Enfants du siècle, Les
The story of the tempestuous early 19th century relationship between eccentric French writer George Sand and her decadent younger lover Alfred de Musset, who run off to Venice to further their love and creativity but fail at both.
Rebellious and daring French aristocrat Sand (Juliette Binoche), already a well-known writer in France in the 1830s, clicks with 23-year-old poet and playwright Alfred de Musset (Benoit Magimel), a boy of letters seven years her junior who is the epitome of spoiled immaturity. They first meet when de Musset attends a public reading of her book that scandalously deals with female frigidity and the attraction is immediate. The two privileged rebels forge a friendship that soon turns romantic, in spite of palpable signs that de Musset, whose mantra is that he needs to behave badly in order to write well, is deeply troubled (at the dinner table he uses a fork as a weapon). Rich and prominent, the two flee family pressures by escaping to Italy where they hope to continue writing. But even before they reach land, de Musset reveals his debauchery aboard ship. In Venice, things only get worse. De Musset gives full vent to his fondness for brothels, gambling and opium. As his dissipation intensifies, he becomes increasingly abusive toward Sand. When he ignores her when she becomes ill, the doctor who takes care of her soon becomes her lover--making de Musset crazed and violent with jealousy and prompting him to return to Paris. Yet Sand, a victim of another kind of self-destruction, allows the affair to pick up again until family interference and de Musset's fateful extremism put an end to the relationship and the poet-playwright's life.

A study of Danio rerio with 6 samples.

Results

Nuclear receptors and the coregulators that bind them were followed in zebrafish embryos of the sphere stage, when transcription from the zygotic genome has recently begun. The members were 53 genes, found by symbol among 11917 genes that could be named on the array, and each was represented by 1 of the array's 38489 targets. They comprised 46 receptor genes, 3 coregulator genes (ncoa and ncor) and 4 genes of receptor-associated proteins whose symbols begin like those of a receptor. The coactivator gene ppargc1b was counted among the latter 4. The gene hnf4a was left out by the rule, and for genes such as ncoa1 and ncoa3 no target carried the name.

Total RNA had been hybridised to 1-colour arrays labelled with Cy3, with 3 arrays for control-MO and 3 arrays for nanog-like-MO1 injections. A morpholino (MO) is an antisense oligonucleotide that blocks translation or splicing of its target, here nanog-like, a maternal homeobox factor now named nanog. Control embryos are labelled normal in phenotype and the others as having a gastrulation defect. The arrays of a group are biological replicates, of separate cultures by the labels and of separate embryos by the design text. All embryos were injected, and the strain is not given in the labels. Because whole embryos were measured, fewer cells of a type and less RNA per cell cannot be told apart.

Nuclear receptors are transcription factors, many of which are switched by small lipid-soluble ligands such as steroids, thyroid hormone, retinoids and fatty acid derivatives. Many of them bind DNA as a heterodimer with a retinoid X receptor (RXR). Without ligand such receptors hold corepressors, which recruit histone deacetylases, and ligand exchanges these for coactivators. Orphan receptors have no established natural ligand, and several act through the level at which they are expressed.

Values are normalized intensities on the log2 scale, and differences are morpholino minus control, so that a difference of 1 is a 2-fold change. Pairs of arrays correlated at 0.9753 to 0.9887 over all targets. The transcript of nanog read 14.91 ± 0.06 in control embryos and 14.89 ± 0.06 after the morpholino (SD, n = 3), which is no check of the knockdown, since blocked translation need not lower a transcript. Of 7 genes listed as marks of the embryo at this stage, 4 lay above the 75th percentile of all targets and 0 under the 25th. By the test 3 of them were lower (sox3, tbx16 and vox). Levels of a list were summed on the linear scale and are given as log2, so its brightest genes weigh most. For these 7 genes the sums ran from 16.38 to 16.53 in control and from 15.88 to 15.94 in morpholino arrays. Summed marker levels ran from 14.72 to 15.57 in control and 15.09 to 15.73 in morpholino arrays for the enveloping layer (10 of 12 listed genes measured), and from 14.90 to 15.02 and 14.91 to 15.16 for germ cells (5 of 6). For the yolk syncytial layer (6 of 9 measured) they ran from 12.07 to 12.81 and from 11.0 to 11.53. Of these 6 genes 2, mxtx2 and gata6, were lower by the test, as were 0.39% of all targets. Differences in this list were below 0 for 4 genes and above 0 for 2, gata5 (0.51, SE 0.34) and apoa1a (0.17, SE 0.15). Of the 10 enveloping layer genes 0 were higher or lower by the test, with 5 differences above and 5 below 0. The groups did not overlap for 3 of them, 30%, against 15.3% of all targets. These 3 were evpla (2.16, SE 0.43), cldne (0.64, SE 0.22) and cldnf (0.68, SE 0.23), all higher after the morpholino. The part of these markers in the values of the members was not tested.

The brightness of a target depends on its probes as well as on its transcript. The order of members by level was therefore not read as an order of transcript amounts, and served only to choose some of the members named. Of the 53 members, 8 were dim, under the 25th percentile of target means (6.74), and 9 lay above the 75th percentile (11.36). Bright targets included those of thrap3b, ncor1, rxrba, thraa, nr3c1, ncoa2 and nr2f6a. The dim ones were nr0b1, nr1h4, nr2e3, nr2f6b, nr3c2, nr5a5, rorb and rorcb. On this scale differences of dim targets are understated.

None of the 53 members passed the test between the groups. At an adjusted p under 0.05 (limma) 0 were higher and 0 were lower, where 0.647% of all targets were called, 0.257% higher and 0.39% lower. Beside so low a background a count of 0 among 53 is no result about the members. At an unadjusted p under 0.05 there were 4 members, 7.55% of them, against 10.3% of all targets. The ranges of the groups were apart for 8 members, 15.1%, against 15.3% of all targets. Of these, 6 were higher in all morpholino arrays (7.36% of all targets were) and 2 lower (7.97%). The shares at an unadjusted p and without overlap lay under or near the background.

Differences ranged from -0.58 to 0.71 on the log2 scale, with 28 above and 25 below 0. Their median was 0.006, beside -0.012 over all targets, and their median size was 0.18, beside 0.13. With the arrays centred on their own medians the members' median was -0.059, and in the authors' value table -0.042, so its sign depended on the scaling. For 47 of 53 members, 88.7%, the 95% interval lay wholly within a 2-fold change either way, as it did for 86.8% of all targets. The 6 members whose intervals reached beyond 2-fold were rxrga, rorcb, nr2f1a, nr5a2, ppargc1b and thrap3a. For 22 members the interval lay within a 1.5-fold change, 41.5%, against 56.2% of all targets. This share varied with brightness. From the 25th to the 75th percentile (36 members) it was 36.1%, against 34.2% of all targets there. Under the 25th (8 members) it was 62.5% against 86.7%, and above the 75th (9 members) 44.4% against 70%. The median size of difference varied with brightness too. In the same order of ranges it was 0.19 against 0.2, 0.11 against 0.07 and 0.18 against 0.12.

Binoche and Magimel, partners in real life, are superb as the two leads. Binoche is convincing as the charmed George Sand and Magimel appropriately reckless and obnoxious as the handsome but sloppy de Musset. Supporting players are all up to the task.
French director Diane Kurys does a fine job of juggling her larger-than-life biographical characters and managing a sweeping production involving actual locations, lavish costumes (courtesy Christian Lacroix) and period sets. Kurys manages to extract high drama from her two leads while keeping the goings-on altogether convincing. This is certainly the vet director's best film in several years.
Shot on authentic locations and with superior costume and production design that conveys the political, emotional and creative turbulence of the period, Children of the Century, in French with English subtitles and inspired by de Musset's own account, genuinely entertains.